I live abroad and receive a Dutch benefit. How will this affect my health insurance?
If you live abroad and receive a Dutch benefit or you receive a Dutch benefit and are moving abroad, you may be required to take out health insurance via the CAK. This depends on where you live.
Countries with which the Netherlands has a reciprocal healthcare agreement
The Netherlands has reciprocal healthcare agreements with a number of countries.
Receiving a Dutch benefit in a country with a reciprocal healthcare agreement
Do you live in a country with which the Netherlands has a reciprocal healthcare agreement and you receive one of the Dutch benefits below? And do you no longer work in the Netherlands and do you not have your own company? Then you fall under the reciprocal healthcare agreement. You must register with the CAK and pay a monthly premium. You then have basic insurance coverage in accordance with the conditions that apply in the country where you live.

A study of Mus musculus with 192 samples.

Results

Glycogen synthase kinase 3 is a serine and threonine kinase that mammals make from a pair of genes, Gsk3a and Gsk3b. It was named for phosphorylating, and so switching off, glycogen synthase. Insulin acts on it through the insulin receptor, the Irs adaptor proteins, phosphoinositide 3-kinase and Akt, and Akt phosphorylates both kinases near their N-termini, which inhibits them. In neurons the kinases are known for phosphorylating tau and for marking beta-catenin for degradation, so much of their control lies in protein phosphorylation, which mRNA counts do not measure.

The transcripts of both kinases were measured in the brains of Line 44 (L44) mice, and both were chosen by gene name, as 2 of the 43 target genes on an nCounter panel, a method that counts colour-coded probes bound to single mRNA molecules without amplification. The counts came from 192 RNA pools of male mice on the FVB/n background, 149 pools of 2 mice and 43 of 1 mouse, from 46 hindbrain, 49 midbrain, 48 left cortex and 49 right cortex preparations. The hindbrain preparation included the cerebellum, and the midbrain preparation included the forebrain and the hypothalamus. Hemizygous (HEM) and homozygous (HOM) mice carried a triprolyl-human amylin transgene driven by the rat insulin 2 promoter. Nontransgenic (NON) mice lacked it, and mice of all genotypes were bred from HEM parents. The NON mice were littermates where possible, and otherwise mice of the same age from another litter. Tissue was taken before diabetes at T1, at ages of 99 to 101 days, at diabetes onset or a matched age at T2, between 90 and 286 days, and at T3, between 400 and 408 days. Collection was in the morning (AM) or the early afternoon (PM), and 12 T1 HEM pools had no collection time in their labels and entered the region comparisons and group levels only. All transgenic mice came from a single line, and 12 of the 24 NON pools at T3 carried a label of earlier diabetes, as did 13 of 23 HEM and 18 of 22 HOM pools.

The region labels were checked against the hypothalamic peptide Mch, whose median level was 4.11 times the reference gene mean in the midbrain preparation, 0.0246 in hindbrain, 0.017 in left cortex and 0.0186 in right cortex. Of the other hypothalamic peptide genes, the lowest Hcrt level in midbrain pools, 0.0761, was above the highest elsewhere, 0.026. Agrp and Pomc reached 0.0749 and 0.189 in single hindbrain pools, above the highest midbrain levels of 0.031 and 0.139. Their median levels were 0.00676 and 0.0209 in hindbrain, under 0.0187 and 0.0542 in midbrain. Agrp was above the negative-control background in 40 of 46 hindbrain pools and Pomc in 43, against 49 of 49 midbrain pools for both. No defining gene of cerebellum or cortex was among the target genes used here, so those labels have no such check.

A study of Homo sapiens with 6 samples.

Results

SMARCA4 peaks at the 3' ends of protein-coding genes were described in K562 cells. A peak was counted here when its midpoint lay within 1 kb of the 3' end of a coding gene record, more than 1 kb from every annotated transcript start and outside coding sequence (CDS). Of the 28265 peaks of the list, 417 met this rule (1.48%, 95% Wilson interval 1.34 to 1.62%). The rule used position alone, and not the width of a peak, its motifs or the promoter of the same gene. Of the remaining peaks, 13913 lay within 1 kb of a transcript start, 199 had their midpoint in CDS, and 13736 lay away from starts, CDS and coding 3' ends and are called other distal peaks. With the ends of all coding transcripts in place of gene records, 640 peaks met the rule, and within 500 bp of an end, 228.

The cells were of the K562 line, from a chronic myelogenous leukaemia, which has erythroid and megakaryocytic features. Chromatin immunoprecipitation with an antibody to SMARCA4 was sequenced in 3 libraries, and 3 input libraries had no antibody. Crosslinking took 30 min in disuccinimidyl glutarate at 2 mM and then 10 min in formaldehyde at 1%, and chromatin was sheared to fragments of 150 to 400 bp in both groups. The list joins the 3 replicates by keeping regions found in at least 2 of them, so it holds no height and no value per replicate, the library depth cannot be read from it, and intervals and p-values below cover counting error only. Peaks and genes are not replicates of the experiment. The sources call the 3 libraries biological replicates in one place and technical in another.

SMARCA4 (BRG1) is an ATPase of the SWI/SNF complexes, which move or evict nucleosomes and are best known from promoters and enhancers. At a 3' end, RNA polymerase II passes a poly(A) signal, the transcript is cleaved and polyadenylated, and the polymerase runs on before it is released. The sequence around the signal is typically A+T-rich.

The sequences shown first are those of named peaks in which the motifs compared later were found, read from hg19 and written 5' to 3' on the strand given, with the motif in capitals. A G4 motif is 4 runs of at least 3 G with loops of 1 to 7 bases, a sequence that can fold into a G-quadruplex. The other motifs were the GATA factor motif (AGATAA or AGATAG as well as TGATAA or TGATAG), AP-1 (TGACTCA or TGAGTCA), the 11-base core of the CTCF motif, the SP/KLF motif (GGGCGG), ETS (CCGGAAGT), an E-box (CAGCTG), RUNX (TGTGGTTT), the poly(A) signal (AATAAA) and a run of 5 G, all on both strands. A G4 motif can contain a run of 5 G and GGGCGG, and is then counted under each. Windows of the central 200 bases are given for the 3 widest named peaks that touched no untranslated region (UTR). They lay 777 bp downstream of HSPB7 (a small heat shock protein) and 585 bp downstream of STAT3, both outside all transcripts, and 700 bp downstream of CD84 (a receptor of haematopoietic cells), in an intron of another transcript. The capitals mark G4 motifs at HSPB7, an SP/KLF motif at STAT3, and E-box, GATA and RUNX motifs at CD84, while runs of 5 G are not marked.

You do not have to transfer the health insurance premium to the CAK yourself. The CAK usually asks the organisation that pays the benefit to withhold this amount.
This is the case if you receive a Dutch benefit under any of the following:
- Bridging scheme (OBR)
- Incapacity Insurance (Self-employed persons) Act (WAZ)
- Invalidity Insurance Act (WAO)
- Redundancy pay scheme (WW+) for military personnel and civil servants
- Surviving Dependants Act (ANW)
- Work and Income (Capacity for Work) Act (WIA)
- Work and Employment Support (Young Disabled Persons) Act (Wajong)
If you live in a country with which the Netherlands does not have a reciprocal healthcare agreement or you do not receive one of the Dutch benefits above, you must take out health insurance in the country where you live.
If you are moving abroad
If you have any questions, please do not hesitate to contact us.